Arizona courts encourage divorcing couples to discuss a mutually acceptable agreement regarding parenting time.
If the parents work together, they can create a written parenting plan with the help of court-approved professionals and mediation services. Collaborating could allow them to craft an agreeable setup that benefits the child’s best interest.
To create a proper parenting plan, you should consider the following details about your child:
- Personality and behavior
- Relationship with each parent
- Relationships with other people such as friends and other family members
- Any conditions calling for special needs
- Each parent’s location of residence
- The flexibility of parents’ schedules to accommodate the child
- Availability of the necessary child care services
- Resources that could affect coordination, such as mode of transportation and designated meet-up place
- Parents’ ability to openly communicate and collaborate
- Differences in culture or religion
- Commitment to following the parenting plan
- Potential complications, such as mental health issues or domestic violence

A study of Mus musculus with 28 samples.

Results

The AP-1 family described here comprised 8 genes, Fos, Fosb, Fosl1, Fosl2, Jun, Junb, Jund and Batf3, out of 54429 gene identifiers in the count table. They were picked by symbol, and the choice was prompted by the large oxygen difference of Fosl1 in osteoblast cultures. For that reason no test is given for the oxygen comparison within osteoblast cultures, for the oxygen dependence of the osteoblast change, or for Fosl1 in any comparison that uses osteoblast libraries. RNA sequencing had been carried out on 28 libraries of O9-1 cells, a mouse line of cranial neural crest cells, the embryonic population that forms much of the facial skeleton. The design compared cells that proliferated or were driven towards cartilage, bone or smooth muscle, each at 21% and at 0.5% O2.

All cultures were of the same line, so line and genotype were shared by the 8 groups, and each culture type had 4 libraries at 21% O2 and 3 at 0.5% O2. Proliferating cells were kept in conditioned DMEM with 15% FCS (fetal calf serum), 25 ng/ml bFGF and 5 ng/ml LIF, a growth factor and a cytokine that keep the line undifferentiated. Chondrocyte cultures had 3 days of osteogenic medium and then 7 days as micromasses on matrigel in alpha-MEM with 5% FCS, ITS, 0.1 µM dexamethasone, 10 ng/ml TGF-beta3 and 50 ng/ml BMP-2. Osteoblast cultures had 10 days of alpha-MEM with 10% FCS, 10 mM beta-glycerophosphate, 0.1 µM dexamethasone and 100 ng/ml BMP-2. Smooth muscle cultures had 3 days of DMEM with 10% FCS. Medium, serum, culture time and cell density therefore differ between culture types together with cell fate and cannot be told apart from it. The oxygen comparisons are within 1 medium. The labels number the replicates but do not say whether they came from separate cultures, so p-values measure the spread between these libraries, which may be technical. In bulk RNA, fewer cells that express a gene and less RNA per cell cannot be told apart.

However, the judge would still review your parenting plan and family circumstances to make any changes if necessary.
What else should I consider?
Aside from these factors, consider your child’s tolerance for demanding situations, such as being apart from one parent for an extended period for toddlers. Your plan should not pressure them to adjust immediately.
Instead, it should prioritize their welfare, comfort and sense of security. A parenting plan should allow each parent to bond with their child to help them adapt to life after divorce while fulfilling all their emotional needs.
Sometimes, parents cannot cooperate and agree regarding child custody or parenting time because of unique circumstances. In this case, the court will settle any issues and order an arrangement that prioritizes the child’s best interest.